News Risk Management21 Mar 2018

China:New ministry of ecological environment takes environmental protection to greater heights

21 Mar 2018

China will establish a ministry of ecological environment to enhance environmental protection. Its wide-ranging remit will cover river, marine and soil pollution as well as climate change, reported Reuters.

The new ministry is a transformation of the current Ministry of Environmental Protection, which will be dismantled. It will absorb responsibilities formerly under the land, water and agriculture ministries, the State Oceanic Administration and the National Development and Reform Commission’s responsibilities on tackling climate change and emission reduction, according to a reform plan submitted to the national legislature for deliberation last week.

Some of the new ministry’s duties include the compiling and implementation of China's ecological environment policies, plans and standards, as well as ecological environment monitoring and law enforcement. It will also regulate pollution control and nuclear and radiation safety, and organise inspections of central authorities on environmental protection.

Head of the new ministry, Mr Li Ganjie warned on Monday about the continuing challenges in the prolonged battle against pollution and expressed concerns about tight natural gas supplies, reported Reuters.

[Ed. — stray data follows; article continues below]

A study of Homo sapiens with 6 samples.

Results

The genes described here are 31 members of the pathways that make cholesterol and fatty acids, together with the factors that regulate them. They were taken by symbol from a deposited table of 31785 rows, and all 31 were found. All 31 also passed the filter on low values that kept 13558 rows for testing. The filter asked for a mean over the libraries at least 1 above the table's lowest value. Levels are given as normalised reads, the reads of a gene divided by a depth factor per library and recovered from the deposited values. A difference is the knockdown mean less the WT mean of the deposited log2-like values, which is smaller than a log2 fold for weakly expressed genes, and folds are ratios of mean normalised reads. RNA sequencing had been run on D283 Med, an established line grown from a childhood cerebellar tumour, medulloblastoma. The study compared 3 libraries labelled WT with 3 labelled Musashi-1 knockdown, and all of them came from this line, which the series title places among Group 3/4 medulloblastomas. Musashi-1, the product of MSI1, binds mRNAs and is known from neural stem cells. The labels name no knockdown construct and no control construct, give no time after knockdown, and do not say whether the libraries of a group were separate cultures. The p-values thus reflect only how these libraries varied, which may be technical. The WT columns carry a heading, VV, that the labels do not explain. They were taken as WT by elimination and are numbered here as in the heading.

“We are making a three-year plan to win the battle for blue skies. The detailed plan is under work, but in principal we want to control pollution in key areas and from heavy industries,” he said during a National People’s Congress session.

He emphasised the ministry’s goal to reduce the supply glut in heavy industries and shift commodities transportation from using trucks to using railroads and noted that natural gas supplies will be tight in future as the country continues to encourage consumers to switch from coal to gas for heating.

China will set more stringent targets for improving the nation’s air quality under a new three-year plan, with the new targets for concentrations of small, breathable particles known as PM2.5 lower than those in the country’s current five-year plan that is due to end in 2020, said Mr Li.

He added that the government will establish a nationwide inspection system, which will place the onus for regular checks on on polluting companies and factories to local authorities, in addition to central government, he said. The government will also punish local authorities who do not enforce the regulations correctly.